As we get closer to winter and the subsequent rise in colds, flu and likely, covid-19, more of us are hunting out ways to keep ourselves healthy.

However, research by the Fruit Juice Science Centre states that 53.4% of people in Leeds are unaware that they are more likely to pick up viruses if the immune system is compromised.

So, how do we Improve our virus-fighting systems? It’s not as difficult as you might think. In fact, adding certain nutrients to your day to day diet could make all the difference.

Vitamin C
There’s a reason we turn to orange juice during times of sickness; new research by the Fruit Juice Science Centre has revealed that just one 150 ml glass of 100% fruit juice provides a staggering 84% of the Nutrient Reference Value (NRV – the minimum we should consume for normal health) for vitamin C. During times of illness, experts say we may need more than double the NRV – around 200 mg of vitamin C daily.

And this vitamin is essential for our immune system; it not only influences the growth and function of immune cells, it also supports the skin and gut barriers against pathogens, acts as a powerful antioxidant, and encourages mobilisation of white blood cells to sites of infection to kill off pathogens.

However, it’s not just when you’ve been struck down with the sniffles that you should consider drinking a glass of orange juice.

More than 43.1% respondents quizzed in Leeds believe wrongly that the body stores vitamin C and as long as you’ve consumed lots on one day, your body will have enough for the next day. However, this isn’t the case and a daily supply is needed.

Dr Gill Jenkins, GP and broadcaster, explains that in the UK many of us fail to reach optimal vitamin C intakes as most people don’t eat the recommended five daily servings of fruit and vegetables. Shockingly, fewer than one third of 19-64-year olds hit their quota.

That’s why it’s a good idea to load up on fruit and veg, particularly those rich in anti-oxidant vitamin C such as tomatoes, red and green peppers, kiwi fruit, broccoli and potatoes. One daily serving of 100% juice can be part of this.

Vitamin D
The sunshine vitamin is in short supply during the UK’s winter months, so the UK government advises everyone consider a year-round supplement of 10 micrograms of vitamin D a day to keep bones and muscles healthy.

More recent studies have found vitamin D receptors on several types of immune cells, suggesting that it also has an immunity benefit. Added to this, low vitamin D levels in blood increase the likelihood of respiratory tract infections, so it’s essential to keep stores topped up.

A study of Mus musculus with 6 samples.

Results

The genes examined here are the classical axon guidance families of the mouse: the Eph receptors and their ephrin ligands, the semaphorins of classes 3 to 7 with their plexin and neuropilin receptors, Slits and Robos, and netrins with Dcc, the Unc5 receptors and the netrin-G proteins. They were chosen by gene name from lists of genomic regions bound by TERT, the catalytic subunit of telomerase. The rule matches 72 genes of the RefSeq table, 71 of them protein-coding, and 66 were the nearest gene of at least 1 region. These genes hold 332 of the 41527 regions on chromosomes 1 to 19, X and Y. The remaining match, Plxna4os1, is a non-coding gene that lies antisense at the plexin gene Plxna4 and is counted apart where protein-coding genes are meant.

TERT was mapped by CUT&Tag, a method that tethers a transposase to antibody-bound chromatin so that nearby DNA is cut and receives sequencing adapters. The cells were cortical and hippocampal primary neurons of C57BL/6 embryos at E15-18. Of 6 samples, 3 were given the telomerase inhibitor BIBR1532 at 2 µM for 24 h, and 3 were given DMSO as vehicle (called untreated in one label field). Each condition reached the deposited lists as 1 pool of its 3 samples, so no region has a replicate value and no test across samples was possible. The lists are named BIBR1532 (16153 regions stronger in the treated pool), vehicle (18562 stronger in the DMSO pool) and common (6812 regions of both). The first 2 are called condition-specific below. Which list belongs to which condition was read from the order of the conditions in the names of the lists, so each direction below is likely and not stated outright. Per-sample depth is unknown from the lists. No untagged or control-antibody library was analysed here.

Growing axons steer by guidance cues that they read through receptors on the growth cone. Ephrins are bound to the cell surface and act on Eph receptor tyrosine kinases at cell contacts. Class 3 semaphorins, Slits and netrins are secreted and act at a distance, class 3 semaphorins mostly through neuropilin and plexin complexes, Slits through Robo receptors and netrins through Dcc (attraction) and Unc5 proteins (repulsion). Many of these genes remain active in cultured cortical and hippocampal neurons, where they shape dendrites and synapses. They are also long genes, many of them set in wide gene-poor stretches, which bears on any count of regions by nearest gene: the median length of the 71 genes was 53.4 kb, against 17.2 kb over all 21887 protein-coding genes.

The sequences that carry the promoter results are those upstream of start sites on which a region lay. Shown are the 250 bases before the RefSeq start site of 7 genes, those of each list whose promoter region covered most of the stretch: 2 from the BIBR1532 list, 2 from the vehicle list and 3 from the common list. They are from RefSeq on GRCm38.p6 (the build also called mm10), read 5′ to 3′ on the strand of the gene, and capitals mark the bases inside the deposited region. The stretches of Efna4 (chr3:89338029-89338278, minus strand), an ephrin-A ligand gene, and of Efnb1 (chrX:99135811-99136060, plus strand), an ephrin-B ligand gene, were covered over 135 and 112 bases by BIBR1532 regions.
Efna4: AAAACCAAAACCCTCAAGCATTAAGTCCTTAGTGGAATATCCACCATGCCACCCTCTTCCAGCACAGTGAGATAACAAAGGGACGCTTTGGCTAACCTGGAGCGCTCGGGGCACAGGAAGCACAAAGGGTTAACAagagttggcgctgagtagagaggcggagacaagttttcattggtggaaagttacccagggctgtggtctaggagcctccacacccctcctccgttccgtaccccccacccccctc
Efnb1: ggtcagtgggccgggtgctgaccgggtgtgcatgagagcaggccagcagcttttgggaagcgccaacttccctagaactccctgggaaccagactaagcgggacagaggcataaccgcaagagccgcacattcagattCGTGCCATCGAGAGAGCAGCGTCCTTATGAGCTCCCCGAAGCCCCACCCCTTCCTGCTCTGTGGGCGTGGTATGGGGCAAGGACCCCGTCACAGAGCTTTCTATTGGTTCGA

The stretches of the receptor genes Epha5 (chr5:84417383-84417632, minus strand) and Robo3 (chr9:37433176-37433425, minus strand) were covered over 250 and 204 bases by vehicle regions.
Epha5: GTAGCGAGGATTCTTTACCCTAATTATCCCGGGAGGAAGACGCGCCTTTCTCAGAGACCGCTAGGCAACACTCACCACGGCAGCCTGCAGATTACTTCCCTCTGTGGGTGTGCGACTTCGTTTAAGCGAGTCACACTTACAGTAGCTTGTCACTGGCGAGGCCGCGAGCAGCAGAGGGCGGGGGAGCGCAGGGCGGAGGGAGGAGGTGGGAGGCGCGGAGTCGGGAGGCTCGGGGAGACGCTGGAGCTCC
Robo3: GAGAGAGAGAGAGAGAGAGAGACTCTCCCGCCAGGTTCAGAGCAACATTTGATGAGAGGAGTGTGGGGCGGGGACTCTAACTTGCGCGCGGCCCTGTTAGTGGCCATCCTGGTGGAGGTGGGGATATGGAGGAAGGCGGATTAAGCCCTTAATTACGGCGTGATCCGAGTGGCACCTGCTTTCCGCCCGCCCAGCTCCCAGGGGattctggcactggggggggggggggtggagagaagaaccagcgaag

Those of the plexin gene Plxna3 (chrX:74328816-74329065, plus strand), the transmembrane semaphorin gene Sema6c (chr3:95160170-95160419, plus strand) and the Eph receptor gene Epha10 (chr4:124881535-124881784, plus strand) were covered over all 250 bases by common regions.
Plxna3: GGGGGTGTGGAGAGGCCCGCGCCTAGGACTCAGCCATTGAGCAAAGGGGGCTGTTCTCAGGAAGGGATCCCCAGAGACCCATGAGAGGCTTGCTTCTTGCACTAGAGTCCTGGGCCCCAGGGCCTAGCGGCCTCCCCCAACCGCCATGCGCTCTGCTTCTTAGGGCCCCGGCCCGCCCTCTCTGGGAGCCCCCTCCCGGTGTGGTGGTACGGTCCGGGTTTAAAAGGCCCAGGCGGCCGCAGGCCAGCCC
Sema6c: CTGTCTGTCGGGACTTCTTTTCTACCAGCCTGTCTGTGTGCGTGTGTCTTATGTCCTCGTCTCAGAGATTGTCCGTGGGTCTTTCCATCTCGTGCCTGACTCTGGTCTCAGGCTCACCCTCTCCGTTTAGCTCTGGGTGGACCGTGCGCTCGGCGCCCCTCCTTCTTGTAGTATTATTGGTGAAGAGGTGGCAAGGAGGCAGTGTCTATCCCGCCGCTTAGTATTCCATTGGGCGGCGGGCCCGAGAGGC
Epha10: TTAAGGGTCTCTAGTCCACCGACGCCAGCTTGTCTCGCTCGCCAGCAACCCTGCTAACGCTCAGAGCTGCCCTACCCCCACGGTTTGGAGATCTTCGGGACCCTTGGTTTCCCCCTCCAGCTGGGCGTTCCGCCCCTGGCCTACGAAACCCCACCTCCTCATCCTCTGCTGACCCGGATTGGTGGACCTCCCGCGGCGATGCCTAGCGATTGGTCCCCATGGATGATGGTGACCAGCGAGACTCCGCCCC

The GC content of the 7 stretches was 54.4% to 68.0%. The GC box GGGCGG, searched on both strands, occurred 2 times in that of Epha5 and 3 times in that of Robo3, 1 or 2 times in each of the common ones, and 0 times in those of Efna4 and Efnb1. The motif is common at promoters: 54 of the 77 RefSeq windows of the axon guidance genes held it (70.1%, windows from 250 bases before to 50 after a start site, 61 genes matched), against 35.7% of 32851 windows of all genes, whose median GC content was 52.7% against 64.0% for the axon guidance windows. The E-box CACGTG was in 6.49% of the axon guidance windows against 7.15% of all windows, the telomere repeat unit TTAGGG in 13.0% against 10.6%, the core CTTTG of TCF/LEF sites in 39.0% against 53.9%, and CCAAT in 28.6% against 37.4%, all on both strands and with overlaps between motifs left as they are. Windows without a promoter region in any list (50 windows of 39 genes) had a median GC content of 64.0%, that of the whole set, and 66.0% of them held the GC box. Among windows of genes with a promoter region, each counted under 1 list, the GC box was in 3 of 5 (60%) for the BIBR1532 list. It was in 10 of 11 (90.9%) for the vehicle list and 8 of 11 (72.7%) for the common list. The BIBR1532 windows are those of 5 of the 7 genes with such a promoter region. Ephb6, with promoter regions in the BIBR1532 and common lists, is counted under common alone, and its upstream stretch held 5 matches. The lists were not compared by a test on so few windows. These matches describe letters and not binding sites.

Vitamin D is only found in a small number of foods which is why we rely on summer and autumn sunshine to hit our vitamin D targets. But even this isn’t fool proof given the UK’s ever-changing weather.

With nearly a fifth of adults failing to reach the minimum cut-off set by the UK Department of Health (25 nmol/litre) of vitamin D blood levels, it’s time to up our game with this essential vitamin.

As well as supplementation, include vitamin D-rich foods like oily fish, eggs, dairy products, liver, fortified foods and mushrooms.

This water-soluble B vitamin is essential for normal immunity, including antibody production and function.

It’s also vital for cell health, says Dr Jenkins, as during pregnancy, “a lack of folic acid is associated with neural tube defects (NTDs) such as spina bifida”. Need another reason to drink fruit juice? A 150 ml glass of 100% orange juice provides 16% of the NRV for folate. To increase your intake of folate even further, add whole fruit, nuts, seeds, beans, peas and green leafy vegetables to your diet.

Omega-3 fatty acids
Whilst Omega 3 fatty acids do target and reduce body inflammation, fewer than half of those surveyed in Leeds by the Fruit Juice Science Centre actually linked omega-3s with immune function. It’s recommended that we consume 140g of omega-3s-rich oily fish a week. However, the National Diet and Nutrition Survey reveals that adults aged 19-64 years eat just 56 g a week on average -with teens eating even less! Up your omega 3s intake with oily fish (including sardines, salmon and mackerel) as well as nuts and seeds such as flaxseed, chia seeds and walnuts. Try sprinkling flaxseeds over porridge for breakfast and grilling sardines on toast for lunch.

Polyphenols, prebiotics and probiotics
These all support our gut microbiota- the complex family of bacteria that lives in our digestive tract - which in turn, can play a role in our immune health. The gut is the first line of defence against pathogens and having a healthy, balanced microbiota is the cornerstone of this.

As if the vitamin C content of 100% orange juice wasn’t enough to make you consume 150 ml a day, orange juice also contains hesperidin, a type of polyphenol particularly useful in aiding vascular function with new 2020 research claiming that hesperidin could be useful in novel drugs for covid-19.

Dr Gill Jenkins explains: “Hesperidin has attracted the attention of scientists because it binds to the key proteins of the Severe Acute Respiratory Syndrome Coronavirus 2 (SARS-CoV-2) – meaning it could have anti-viral effects.”

New evidence also suggests that hesperidin has a prebiotic effect, encouraging more favourable bacteria to thrive in the gut. For optimum levels of hesperidin, drink packaged juice rather than home squeezed juice since commercial squeezing extracts more polyphenols. As well as orange juice, add high fibre and probiotic-rich fermented foods to your diet such as pickles, miso, kefir and sauerkraut.